Printed from https://www.writing.com/main/view_item/item_id/1942022-A-Fresh-Start
Rated: 13+ · Short Story · Supernatural · #1942022
An elderly couple recaptures their youth.


         “Could you come here for a moment? Something is not right.”

         George turned from the television.

         “Can it wait?”

         “Something’s not right. Something’s really strange, George. You need to come up here right now!”

         Millie’s voice carried over the sounds of running water and the sounds of the Red Sox hitting a double coming from the television.

         Grumbling, George stood and headed for the stairs. Although he did not want to miss the next moments of the game, he knew better than to ignore the note of alarm in his wife’s voice. After forty-three years of marriage, he knew the sound, the same one she expressed when she discovered the unusual mole on her cheek. Thankfully, the doctor managed to remove the malignant spot before it could cause any other problems. George wondered what else time had in store for them as they continued to age.

         George hurried up the stairs, and then paused. With his bad back and trick knee, it had been ages since he had been able to hurry anywhere, let alone up the rickety wooden stairs he had climbed for thirty-three years.

         Must be one of my better days, he thought. Maybe the two beers I had dulled the arthritis.

         “Did you use that new soap Rex sent us?” George asked as he continued upstairs. “He says he got it at a fair as a set. Says he bought it from some old gypsy. Maybe you had a reaction or- “

         He reached the top, turned into the bathroom and gasped.

         A young woman, naked and dripping water, stood just inside clutching a towel to her chest. She saw him at the same moment and screamed. Then her eyes widened with recognition.

         “George . . .”

         George stood rooted to the spot as if electrocuted. He recognized the woman in the bathroom, but it was the woman who had been waiting for him as he stepped off of the plane when he returned from the war so many years ago. The woman with blue eyes, a peach complexion and golden curls. His wife . . .

         “George,” the woman said in a voice from the past, with so many familiar years erased. “Look in the mirror.”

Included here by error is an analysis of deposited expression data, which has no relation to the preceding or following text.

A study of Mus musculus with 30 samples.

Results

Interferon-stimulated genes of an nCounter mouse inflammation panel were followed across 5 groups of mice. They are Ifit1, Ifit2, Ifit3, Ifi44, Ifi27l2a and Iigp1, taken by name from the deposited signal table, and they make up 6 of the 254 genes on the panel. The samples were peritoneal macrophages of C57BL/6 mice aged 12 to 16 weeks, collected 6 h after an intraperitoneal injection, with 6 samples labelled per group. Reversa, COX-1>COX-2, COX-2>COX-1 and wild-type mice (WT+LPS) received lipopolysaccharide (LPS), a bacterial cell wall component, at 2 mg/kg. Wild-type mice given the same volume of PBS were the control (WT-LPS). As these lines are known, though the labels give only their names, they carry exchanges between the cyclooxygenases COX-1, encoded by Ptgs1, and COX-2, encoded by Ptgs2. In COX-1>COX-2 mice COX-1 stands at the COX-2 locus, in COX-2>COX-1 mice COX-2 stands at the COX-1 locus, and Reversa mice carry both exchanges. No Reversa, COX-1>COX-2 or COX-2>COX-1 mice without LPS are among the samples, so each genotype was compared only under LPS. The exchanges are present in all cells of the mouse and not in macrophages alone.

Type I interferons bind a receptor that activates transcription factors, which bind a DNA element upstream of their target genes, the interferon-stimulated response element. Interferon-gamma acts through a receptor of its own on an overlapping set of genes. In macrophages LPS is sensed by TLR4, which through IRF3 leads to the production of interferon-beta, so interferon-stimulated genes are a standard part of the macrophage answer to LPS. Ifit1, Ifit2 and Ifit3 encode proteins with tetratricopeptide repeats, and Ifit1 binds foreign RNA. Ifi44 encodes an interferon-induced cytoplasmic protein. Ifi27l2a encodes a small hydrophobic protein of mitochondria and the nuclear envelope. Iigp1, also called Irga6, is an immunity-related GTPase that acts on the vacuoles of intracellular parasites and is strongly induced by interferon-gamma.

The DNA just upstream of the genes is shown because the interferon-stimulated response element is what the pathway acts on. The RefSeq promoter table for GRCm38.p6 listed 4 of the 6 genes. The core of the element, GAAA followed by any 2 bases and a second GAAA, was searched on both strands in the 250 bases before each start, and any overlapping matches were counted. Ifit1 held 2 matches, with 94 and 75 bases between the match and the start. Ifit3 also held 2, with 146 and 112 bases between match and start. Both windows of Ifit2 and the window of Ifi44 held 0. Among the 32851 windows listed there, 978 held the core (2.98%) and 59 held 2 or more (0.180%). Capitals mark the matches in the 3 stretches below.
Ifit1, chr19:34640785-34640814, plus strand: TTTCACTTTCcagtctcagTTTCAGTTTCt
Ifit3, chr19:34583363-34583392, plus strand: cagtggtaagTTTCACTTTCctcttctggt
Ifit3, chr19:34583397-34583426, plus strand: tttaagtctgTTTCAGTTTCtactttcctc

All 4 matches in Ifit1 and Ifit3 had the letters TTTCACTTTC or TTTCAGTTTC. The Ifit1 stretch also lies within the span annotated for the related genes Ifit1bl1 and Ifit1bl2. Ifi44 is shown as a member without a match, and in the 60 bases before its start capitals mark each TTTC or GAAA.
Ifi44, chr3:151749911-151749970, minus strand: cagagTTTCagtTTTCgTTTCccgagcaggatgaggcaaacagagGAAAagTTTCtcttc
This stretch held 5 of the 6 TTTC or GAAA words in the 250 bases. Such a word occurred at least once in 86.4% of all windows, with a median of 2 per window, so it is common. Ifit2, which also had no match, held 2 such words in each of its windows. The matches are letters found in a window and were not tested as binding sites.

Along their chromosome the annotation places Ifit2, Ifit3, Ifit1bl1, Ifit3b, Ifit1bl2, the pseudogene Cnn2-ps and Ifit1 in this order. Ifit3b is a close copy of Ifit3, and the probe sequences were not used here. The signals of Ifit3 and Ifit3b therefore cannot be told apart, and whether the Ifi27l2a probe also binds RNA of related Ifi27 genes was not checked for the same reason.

George stepped into the bathroom, and slowly wiped the fog from the mirror to reveal not himself standing next to the woman, but the same man whose faded black-and-white portrait of himself in an Army uniform hung proudly from the wall near the bottom of the stairs. It was the same young man who had gotten on one knee and proposed to Millicent at the top of the Empire State Building while the whole city celebrated the return of thousands of other young men from overseas.

         Noise burst from the television downstairs as someone batted the runners in, but George didn’t hear it. He staggered, and would have fallen to the floor from the shock had his body not somehow undid the ravages of forty years.


         “George. It’s a miracle! I don’t know how, but somehow we lost forty years! Remember our first night?”

         Millie let the towel fall, and George saw the nymph he had bedded on their wedding night, just as young and fresh as if it had been yesterday. George felt a stirring in his own body at the sight, something he hadn’t felt in years.

         “But, how?”

         “Remember that soap our son sent us? He and Emily got it at that fair in Baton Rouge while he was visiting the in-laws. It happened after I used it! Did you use it, George?”

         George nodded, looking at himself in the mirror once more.

         “He said it was called ‘Timeless’. Got it from a gypsy.”

         He frowned.

         “You know I don’t believe in that kind of stuff Millie,” he said weakly.

         “George! The proof is right in front of you!”

         Millie, still dripping from her shower stepped forward and grasped George in a wet embrace.

         “We can start over!” she gushed, her eyes shining. “Just think! We can do all the things we promised each other! Oh, George, we never even went to Paris . . .”

         But George’s frown had deepened, and he now had a distant expression in his eyes.

         “Millie, we had a good life. But . . .”

         “Oh, but what George?”

         “Did . . . Rex and Emily use the soap?”

         Millie stepped back, her hand covering her mouth and a look of horror creeping across her newly-young face.

         “Oh, George! They’re only in their twenties! If the soap does the same thing to them . . .”

         George was already rushing to the hallway phone. As he reached for it, the phone rang.

         George looked back at Millie, peeking from the bathroom, radiating an expression of anxious apprehension. He slowly picked up the phone.


         “Hello? Dad?”

         “Who’s this?”

         “I’m sorry, I was calling for George Lund.”

         It was not the voice of his son, but the voice sounded oddly familiar.


         There was a pause.

         “Oh, thank God! Dad?”

         “Is this some kind of a joke? You’re not Rex!”

         “I swear, it’s me! It’s Rex! Is Mom okay?”

         Now George recognized the voice. It was his own voice after time had added its own tones, timbres and rasps. It was the voice of an old man. Until today, it was what he had sounded like.

         “Yes she’s fine, uh . . . Rex.”

         “Dad! That soap we sent you? Did you use it?”

         “Uh . . .”

         “Don’t use it! I don’t know how to explain it, but something horrible has happened!”